Guatemalan police arrest software guru McAfee

GUATEMALA CITY (AP) - Software company founder John McAfee was arrested by police in Guatemala on Wednesday for entering the country illegally, hours after he said he would seek asylum in the Central American country.

Interior Minister Mauricio Lopez Bonilla said McAfee was detained by police at a hotel in an upscale Guatemala City neighborhood with the help of Interpol agents. He offered no other details.

Earlier Wednesday, McAfee said he had formally requested asylum in Guatemala, claiming he is the victim of persecution in neighboring Belize where officials have said he is a person of interest in the killing of a fellow ex-pat.

McAfee was taken late Wednesday to an old, three-story building used to house migrants who enter Guatemala illegally.

The 67-year-old went on the run from Belize last month after officials tried to question him about the fatal shooting of a neighbor. McAfee had engaged in a series of clashes with neighbors and authorities over allegations he kept aggressive dogs, illegal weapons and drug paraphernalia in his beachfront home on a Belize island. McAfee has denied any wrongdoing and said he was being persecuted for refusing to donate to local politicians.

He dropped out of sight for weeks after police said they were seeking him, although he grabbed global attention by recounting his life on the run through a blog and regular phone calls with reporters. He crossed into Guatemala this week and told The Associated Press that he formally applied for asylum Wednesday.

"Yes, we are presenting this, and I want it to be clear, because of the persecution, not because of the murder," he told the AP.

Belizean officials have denied persecuting McAfee, and the country's prime minister has said he suspects McAfee is mentally unstable.

Police in Belize say there is no warrant for McAfee's arrest. Since there are no restrictions on his travels, it's unclear why he would need any special status in order to stay in Guatemala.

McAfee is wanted for questioning in connection with the killing of Gregory Viant Faull, who was shot to death in early November on the Belize island where both men lived.

Faull's home was a couple of houses down from the compound where McAfee kept several noisy dogs and armed guards and entertained a steady stream of young women brought in from the mainland. McAfee acknowledges that his dogs were bothersome and that Faull had complained about them, but denies killing Faull. Several of the dogs were poisoned shortly before Faull's killing.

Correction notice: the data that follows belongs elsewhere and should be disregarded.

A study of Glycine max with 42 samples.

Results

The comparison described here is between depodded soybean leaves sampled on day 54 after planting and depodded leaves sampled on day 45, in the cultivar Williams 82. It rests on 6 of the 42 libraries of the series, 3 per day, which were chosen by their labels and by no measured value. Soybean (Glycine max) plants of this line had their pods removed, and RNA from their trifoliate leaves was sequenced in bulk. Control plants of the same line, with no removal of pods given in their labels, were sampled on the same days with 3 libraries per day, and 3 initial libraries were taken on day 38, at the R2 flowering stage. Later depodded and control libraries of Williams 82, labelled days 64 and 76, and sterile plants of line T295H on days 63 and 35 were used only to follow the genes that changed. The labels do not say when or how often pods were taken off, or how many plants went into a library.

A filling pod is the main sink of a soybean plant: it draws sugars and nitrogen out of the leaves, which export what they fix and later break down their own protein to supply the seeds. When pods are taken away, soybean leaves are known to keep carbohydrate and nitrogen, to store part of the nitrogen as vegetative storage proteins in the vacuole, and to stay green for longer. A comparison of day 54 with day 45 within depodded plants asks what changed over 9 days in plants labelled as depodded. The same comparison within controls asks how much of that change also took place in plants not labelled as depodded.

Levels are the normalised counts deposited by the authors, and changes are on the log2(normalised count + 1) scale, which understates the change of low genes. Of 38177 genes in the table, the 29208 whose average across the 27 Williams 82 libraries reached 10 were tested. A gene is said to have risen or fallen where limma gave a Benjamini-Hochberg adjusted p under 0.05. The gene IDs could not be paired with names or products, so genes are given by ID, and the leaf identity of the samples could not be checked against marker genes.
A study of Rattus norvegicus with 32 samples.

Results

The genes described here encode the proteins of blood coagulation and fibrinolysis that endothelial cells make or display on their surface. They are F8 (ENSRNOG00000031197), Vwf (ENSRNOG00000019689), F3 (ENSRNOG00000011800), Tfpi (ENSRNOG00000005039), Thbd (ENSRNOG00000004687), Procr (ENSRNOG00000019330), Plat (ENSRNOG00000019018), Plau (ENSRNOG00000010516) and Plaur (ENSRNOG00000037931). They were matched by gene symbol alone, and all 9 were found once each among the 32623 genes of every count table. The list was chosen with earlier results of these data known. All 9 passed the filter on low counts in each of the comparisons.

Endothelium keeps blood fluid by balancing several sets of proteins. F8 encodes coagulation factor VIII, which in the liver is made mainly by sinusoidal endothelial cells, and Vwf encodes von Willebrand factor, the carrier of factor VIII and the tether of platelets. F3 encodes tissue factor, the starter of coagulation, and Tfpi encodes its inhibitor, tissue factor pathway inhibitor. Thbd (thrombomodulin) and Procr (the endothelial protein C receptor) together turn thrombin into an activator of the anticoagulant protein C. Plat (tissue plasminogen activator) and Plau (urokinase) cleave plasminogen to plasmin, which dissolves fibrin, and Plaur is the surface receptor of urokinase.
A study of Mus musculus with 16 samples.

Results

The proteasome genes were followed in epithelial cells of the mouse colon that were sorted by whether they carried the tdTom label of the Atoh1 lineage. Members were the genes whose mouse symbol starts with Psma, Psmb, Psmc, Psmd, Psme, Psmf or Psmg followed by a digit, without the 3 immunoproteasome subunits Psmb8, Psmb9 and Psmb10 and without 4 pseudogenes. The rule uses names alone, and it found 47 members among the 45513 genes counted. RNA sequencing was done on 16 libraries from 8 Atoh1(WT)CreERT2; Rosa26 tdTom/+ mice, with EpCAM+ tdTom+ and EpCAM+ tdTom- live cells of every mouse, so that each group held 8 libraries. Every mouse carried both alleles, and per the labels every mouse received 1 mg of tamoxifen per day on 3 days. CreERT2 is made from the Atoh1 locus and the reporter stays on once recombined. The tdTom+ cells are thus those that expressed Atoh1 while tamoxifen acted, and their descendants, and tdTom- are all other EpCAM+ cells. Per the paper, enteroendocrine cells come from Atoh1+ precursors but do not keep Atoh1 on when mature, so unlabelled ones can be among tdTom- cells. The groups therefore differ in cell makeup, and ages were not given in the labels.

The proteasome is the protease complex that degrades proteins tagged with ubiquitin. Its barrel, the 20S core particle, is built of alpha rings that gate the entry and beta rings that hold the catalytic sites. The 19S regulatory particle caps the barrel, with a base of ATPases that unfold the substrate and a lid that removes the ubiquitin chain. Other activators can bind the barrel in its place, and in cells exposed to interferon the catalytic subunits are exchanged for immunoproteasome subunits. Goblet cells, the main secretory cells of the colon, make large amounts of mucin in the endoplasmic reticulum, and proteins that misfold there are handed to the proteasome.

The Faull family has said through a representative that the murder of their loved one on Ambergris Caye has gotten lost in the media frenzy provoked by McAfee's manipulation of the press through phone calls, emails and blog posts detailing his life on the lam.

For two weeks, McAfee refused to turn himself in to authorities in Belize and claimed to be hiding in plain sight, wearing disguises and watching as police raided his house. It was unclear, however, how much of what McAfee — a confessed practical joker — said and wrote was true.

McAfee hasn't provided details on how he crossed from Belize into Guatemala.

He had earlier said he didn't plan to leave Belize but ultimately did because he thought "Sam" was in danger, referring to the young woman who has accompanied him since he went into hiding.

McAfee, the creator of the McAfee antivirus program, has led an eccentric life since he sold his stake in the anti-virus software company that is named after him in the early 1990s and moved to Belize about three years ago to lower his taxes.

He told The New York Times in 2009 that he had lost all but $4 million of his $100 million fortune in the U.S. financial crisis. However, a story on the Gizmodo website quoted him as calling that claim "not very accurate at all." He has dabbled in yoga, ultra-light aircraft and producing herbal medications.